The best treks & hikes in Torres del Paine

Torres base hike to Mirador Las Torres

If you’ve ever seen a photograph of Patagonia, chances are it will have been of the three granite towers that give Torres del Paine National Park its name and distinctive skyline. The day hike to Mirador Las Torres gives an up close and personal view of the towers from various angles, including from the dedicated mirador (viewpoint).


Mirador las Torres highlights

The hike takes you around, and right up to, the jagged granite towers which loom over an impossibly blue-green glacial pool.

The trail follows the Ascencio River valley, one of the valleys that separate the massif and gives the Park so much of its texture, through native beech forests and across numerous streams.

If you’re lucky you might even catch sight of the Andean condor. Other wildlife includes guanaco (a relative to the alpaca and llama), the bizarre looking rheas, and cougar. You’ll probably need the support of a qualified naturalist guide if you’re serious about wildlife spotting.

In the run-up to the mirador, there is some scrambling through a glacial moraine, after which you reach the Mirador Las Torres to be rewarded by stunning views of the towers with the lake in the foreground.

The towers themselves are named somewhat unimaginatively: North Tower 2,600m (8,530ft), Central Tower 2,800m (9,186ft) and the South Tower 2,850m (9,350ft).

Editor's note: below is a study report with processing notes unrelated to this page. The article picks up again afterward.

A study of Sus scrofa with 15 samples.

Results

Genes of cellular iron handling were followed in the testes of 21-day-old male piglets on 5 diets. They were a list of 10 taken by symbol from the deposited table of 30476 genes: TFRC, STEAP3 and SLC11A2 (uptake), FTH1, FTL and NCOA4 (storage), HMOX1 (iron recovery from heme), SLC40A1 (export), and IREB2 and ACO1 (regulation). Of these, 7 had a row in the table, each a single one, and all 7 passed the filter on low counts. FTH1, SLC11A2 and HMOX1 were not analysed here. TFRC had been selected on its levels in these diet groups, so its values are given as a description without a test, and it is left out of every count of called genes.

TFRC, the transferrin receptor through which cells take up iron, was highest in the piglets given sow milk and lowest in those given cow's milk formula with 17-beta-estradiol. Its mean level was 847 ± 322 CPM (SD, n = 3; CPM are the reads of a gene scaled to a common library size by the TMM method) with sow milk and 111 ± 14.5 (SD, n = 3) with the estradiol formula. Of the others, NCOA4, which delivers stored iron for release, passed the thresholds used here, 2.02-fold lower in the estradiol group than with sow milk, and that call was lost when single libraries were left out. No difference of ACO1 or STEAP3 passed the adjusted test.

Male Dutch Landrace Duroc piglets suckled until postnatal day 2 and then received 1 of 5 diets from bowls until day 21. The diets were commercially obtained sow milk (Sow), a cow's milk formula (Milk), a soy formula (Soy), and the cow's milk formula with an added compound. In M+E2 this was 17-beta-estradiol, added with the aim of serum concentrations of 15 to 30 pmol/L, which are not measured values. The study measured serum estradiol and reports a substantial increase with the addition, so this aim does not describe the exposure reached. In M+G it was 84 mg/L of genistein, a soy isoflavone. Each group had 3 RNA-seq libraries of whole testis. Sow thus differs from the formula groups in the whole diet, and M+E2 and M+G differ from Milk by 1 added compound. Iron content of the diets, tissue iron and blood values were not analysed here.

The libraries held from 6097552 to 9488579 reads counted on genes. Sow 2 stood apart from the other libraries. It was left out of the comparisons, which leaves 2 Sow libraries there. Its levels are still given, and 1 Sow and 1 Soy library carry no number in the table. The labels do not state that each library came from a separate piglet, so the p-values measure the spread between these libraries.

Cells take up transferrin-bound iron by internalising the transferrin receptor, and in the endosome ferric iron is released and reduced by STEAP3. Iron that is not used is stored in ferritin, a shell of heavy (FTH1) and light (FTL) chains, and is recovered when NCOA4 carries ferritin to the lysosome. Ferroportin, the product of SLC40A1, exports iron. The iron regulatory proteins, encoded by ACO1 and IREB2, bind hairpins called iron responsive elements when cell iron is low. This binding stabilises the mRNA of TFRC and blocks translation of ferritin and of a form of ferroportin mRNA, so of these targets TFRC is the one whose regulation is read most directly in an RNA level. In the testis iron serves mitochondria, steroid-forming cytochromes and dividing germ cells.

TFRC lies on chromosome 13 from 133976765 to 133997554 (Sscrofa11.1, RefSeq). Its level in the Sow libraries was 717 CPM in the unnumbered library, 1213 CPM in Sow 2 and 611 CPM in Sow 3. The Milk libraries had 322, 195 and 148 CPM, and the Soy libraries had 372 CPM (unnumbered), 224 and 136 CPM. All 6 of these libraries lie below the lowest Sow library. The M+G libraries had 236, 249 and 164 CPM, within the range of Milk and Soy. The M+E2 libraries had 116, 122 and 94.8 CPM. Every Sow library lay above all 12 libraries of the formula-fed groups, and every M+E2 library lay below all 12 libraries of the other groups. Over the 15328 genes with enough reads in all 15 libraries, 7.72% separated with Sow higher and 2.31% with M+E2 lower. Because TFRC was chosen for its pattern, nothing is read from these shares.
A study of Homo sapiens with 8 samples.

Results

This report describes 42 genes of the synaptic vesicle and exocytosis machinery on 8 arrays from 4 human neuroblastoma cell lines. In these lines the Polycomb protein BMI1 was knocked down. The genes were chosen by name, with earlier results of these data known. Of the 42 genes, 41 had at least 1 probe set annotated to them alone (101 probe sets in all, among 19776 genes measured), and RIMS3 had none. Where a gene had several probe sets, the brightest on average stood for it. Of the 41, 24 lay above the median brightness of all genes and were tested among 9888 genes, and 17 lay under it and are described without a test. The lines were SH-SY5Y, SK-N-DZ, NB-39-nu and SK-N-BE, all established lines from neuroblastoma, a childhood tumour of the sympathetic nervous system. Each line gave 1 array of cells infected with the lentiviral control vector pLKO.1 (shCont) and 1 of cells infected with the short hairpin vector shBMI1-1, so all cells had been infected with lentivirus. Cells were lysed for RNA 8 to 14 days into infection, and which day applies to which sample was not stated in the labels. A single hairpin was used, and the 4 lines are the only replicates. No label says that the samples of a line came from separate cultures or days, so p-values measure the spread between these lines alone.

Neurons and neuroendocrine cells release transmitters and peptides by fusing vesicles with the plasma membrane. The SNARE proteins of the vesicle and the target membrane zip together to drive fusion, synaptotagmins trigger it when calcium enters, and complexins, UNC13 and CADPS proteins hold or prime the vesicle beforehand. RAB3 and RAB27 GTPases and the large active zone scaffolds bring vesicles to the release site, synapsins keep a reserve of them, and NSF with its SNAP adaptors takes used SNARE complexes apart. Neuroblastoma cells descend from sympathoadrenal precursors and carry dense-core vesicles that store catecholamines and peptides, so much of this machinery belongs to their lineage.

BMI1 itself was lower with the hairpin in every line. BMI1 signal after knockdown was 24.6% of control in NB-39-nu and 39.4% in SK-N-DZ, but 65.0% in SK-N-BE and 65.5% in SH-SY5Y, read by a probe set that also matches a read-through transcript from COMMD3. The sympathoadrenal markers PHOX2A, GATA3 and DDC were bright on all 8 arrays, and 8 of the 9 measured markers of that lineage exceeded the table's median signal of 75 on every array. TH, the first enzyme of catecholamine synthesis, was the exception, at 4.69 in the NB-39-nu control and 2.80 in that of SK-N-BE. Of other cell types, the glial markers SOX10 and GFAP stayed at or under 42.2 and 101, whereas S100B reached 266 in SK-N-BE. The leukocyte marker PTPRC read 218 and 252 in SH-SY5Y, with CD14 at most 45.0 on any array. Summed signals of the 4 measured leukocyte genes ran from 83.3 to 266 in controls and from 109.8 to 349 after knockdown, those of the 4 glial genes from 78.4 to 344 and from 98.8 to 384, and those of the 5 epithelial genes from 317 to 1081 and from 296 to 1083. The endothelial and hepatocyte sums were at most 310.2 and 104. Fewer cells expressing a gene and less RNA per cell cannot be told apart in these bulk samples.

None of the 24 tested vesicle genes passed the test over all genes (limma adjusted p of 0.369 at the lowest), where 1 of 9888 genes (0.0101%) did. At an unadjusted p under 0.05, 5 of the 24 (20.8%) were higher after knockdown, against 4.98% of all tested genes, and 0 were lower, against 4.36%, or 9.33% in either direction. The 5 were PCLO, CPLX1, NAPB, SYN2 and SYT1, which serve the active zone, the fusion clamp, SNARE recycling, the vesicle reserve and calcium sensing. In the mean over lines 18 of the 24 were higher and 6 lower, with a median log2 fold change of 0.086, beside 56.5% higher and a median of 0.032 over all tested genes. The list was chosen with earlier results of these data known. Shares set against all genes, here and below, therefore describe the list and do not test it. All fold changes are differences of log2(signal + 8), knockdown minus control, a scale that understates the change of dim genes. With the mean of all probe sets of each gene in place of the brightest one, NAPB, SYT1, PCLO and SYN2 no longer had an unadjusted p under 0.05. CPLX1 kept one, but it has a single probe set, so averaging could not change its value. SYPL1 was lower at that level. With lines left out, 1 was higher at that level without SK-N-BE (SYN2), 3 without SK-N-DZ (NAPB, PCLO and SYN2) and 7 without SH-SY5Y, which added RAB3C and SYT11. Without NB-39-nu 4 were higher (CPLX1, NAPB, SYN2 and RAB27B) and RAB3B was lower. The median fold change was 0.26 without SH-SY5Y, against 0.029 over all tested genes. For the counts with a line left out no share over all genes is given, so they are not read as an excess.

Move over, Chatwin

Patagonia’s most famous explorer, Bruce Chatwin, was beaten by over a century. His predecessor was the pioneering British traveller and war correspondent, Lady Florence Dixie, who is credited as the first foreigner to visit Torres del Paine. In her book, Across Patagonia, which was published in 1880, she called the towers “Cleopatra’s Needles”.

Mirador las Torres difficulty

The hike to Mirador las Torres is 17km (11 miles) long and takes between 7 and 10 hours to complete.

It’s a moderate to intense hike. The final part leading up to the viewpoint is exposed and fairly steep and involves some boulder scrambling up rocky moraine.

As with the rest of Patagonia, the weather is extremely changeable and you can expect showers, fog, and bright sunshine, often all in one day. Water, snacks and a packed lunch are essential, as is smart layering so you can adjust your clothing with the weather.

Need to know

The Mirador las Torres hike is one of the most popular trails in the national park and offers an accessible introduction to hiking in Patagonia. It can be completed as a day hike departing from either the park entrance or from Puerto Natales, although you’ll need transport to and from the park.

For more of a challenge, it can also be incorporated into both the W Trek Trek and Paine Circuit trek.